The young boy was fighting back his tears as he sat on the edge of the tub while his mother washed the dirt and blood from his knees. The cool water from the tap helped to numb his wounds a little. The abrasions were not that bad once they were cleaned up but when you’re that young everything seems like an emergency. His mother spoke in a soothing voice and braced her child for the next step. She retrieved an amber bottle from the medicine cabinet and poured out a clear liquid into a cotton ball. The medicine stung his broken skin at first but soon the astringent qualities of the witch hazel kicked in and made the pain stop.
It’s rare that I do a Forage Friday post on a plant that to the best of my knowledge has absolutely no uses as food. But witch hazel is one of those plants that is probably already in your own medicine cabinet. The parts used are the leaves, twigs and inner bark. However, it’s because of it’s late Fall/Early Winter bloom that I’ve waited until now to include it in a Forage Friday post.
The delicate flowers of witch hazel always seem to open at just the right time to add some beauty to the otherwise disheartening landscape. They’re also pollinated by winter moths that are able to survive freezing temperatures by living in the leaf litter to hide from the cold. Wild witch hazel is what we see in tonight’s pictures but a quick Google search shows that there are cultivars that can be planted and have a bloom that is more showy and displays various shades of red and orange.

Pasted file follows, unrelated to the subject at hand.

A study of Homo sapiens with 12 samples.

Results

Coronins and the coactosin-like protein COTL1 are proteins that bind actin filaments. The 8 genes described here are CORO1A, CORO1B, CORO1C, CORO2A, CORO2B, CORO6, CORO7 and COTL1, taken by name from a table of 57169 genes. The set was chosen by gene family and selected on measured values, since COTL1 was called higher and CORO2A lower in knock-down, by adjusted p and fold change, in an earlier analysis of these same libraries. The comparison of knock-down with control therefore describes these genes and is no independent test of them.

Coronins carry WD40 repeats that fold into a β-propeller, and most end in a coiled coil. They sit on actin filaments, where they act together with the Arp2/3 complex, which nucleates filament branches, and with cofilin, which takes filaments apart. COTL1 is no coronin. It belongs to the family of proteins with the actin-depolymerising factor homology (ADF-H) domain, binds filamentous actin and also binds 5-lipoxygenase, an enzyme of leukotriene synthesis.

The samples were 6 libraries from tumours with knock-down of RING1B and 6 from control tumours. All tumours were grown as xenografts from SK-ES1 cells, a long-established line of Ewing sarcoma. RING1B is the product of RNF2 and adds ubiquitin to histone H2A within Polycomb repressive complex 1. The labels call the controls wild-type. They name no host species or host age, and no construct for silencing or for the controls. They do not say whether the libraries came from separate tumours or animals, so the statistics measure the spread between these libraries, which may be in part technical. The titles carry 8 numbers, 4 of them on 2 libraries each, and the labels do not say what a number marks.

I also learned while researching the article that there is only one industrial provider of witch hazel in the United States. The trees are farmed on a river bank. Once they’re ready for harvest the entire tree is coppiced (cut so that it will regenerate and friends back) and chipped. The chips are then dumped into vats of alcohol where the tannins are leeched out and then the alcohol is cooked off. The description of the process implies that the steam is collected and condensed into the liquid we find under various labels. It all comes from one supplier and there seems to be a lot of regulatory requirements that guide the production.
I also found a process for home production. It was rather simple. Collect the leaves, twigs and inner bark (one tablespoon per cup of distilled water) and soak them in water for about 30 minutes and then bring it to a boil. Simmer for ten minutes. Allow the decoction to steep for another ten minutes before straining and bottling.
I’m constantly scanning the environment for native species to incorporate into my landscape. While I’m probably never going to produce enough witch hazel to unseat the one supplier it is not only a beautiful flowering bush to help add color in the winter but a handy resource to have around a homestead.